Court rules against freedom of expression: ads against “honour killings” banned from Edmonton buses

Posted on Oct 6, 2016 in Justice Update, Latest Updates, News Releases


Thursday, October 6, 2016

EDMONTON: The Justice Centre for Constitutional Freedoms (JCCF.ca) expressed disappointment in an Alberta Court of Queen’s Bench ruling against freedom of expression in a case involving bus ads against “honour killings”.  The decision by Justice John Gill in American Freedom Defence Initiative v. City of Edmonton was released on October 4.

In October 2013, Edmonton Transit Services (ETS) ran — and then pulled — bus ads showing photos of Aqsa Parvez and six other women. The ad stated, “Muslim Girls Honor Killed By Their Families,” and continued, “Is your family threatening you? Is there a fatwa on your head? We can help: go to FightforFreedom.us.”   Edmonton Transit pulled the ads after (then) Councillor Amarjeet Sohi phoned the manager of Edmonton Transit to complain about the ads.

So-called “honour killings” occur when a woman is considered to have sullied the family’s honour through some sexual indiscretion, or even perceived immodesty. Her killing is a means to restore the family’s honour.  Aqsa Parvez was only 16 when she was strangled to death for refusing to wear a hijab. Aqsa’s brother and father felt that not wearing a head scarf dishonoured the family, so they killed Aqsa in her own home in Mississauga, on December 10, 2007.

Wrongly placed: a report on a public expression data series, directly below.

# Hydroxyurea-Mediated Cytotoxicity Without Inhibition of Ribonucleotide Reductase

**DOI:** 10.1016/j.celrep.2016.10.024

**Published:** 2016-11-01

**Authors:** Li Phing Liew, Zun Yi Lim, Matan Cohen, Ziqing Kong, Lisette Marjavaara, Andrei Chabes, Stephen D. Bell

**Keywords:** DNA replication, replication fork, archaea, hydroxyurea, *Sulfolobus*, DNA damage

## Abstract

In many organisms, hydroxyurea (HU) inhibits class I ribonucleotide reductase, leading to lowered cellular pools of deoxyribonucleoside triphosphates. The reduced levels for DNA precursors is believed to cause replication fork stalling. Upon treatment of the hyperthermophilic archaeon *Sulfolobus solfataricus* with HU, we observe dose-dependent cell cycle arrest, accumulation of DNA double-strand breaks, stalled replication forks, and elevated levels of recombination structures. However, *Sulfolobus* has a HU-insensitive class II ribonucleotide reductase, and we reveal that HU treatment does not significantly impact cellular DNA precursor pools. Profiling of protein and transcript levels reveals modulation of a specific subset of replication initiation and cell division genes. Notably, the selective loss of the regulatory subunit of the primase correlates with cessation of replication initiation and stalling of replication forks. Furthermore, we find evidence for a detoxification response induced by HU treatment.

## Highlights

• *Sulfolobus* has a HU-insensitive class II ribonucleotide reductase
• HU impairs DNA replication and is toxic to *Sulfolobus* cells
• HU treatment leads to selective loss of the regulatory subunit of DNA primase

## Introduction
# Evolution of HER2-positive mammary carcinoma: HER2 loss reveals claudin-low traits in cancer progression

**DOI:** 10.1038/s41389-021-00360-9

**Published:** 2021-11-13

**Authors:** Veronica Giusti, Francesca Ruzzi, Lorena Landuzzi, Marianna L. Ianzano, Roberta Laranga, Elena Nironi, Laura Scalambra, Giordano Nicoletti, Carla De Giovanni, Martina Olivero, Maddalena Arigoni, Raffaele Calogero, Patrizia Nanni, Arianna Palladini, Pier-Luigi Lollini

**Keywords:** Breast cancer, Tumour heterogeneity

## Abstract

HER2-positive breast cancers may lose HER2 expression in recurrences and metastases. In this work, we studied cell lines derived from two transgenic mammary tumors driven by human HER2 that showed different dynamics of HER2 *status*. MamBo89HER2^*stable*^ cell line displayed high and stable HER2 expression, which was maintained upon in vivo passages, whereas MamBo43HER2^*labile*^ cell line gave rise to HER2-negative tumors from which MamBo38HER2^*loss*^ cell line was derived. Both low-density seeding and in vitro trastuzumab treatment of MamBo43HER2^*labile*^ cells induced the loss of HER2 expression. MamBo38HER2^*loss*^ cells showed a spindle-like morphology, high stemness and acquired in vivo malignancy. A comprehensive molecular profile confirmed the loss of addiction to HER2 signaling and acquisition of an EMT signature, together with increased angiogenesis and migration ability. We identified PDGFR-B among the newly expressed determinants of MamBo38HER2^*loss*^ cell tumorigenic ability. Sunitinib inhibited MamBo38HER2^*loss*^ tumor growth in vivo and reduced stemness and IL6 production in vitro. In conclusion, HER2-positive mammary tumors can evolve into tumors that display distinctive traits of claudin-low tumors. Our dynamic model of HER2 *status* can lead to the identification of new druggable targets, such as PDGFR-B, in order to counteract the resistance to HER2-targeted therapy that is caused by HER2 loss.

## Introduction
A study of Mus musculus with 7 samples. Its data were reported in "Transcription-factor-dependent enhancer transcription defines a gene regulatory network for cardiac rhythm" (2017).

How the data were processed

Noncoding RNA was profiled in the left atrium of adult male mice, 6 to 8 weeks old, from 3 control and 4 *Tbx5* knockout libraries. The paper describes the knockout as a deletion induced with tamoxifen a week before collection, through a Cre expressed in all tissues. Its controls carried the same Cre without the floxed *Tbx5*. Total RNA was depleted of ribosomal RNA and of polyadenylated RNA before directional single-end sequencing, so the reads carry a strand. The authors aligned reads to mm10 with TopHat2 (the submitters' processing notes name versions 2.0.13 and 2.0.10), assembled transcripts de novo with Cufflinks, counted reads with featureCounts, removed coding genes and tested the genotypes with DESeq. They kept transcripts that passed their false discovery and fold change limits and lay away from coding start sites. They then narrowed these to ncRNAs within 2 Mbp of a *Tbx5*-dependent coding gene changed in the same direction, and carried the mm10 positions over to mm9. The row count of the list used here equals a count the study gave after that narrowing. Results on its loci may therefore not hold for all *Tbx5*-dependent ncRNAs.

After Councillor Sohi complained, the (then) manager of Edmonton Transit ordered the ads pulled.  He did so without seeing the ad.  The advertising contract itself was between the non-profit American Freedom Defense Initiative (“AFDI”) and Pattison Outdoor Advertising Group, the latter of which contracted separately at the time to handle ETS’ advertising.  AFDI defends freedom of speech, freedom of conscience, individual rights, and the equality of all people before the law.

“This is a disappointing set-back for freedom of expression in Canada,” stated Calgary lawyer and president of the Justice Centre, John Carpay.